Tulsa Trust Attorney

A living trust (also called an inter vivos trust or a revocable trust) is a useful estate planning document. It allows you to fully control your assets during your lifetime and fully provide for how you want those assets to be distributed after your death.

One advantage of a living trust is that by incorporating the same language you use in your will, you can avoid the need for your heirs to go through the probate process. Probate in Oklahoma can take 12-24 months and even a small estate can be expensive. With a trust, if someone dies today their successor trustee can be in power the next day. All the successor trustee needs is proof of the trust creator's death. The assets of the estate can usually be distributed much more quickly by avoiding probate.

Additionally, Living trusts allow families to do estate planning in a private manner. Probate records are open to the public. Anyone can go to a Web site for a county and see what you owned, as well as the names and the addresses of the beneficiaries and other information you might expect to remain private. With a living trust, you have a private document.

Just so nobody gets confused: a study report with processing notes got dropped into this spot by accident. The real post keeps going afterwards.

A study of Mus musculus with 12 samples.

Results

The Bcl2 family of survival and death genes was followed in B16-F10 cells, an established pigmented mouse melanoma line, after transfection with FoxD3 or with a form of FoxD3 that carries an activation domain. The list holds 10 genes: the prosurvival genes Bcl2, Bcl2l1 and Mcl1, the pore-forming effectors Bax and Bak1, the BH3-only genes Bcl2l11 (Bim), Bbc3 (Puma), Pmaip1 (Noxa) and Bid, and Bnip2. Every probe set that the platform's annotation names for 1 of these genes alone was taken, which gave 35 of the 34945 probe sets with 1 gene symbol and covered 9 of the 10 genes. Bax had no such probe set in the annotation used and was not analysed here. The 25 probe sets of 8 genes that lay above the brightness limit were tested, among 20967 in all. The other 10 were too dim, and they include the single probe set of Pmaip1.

Trusts are usually set up as a revocable document, so you can change it at any time if there are marital/family changes, or assets purchased and sold. It is a good idea to review your trust once per year. Also, you can set up special purpose trusts, such as a special needs trust, to care for a disabled child or elderly parent. Your trust can contain a provision that a share going to a beneficiary be held and administered by the successor trustee. This is sometimes called a spendthrift provision, and it can be used to protect a child's inheritance from creditors and the child.

As a C.P.A., Ms. Schmook can assist you with the trust that best suits your situation, and fully explain the tax implications.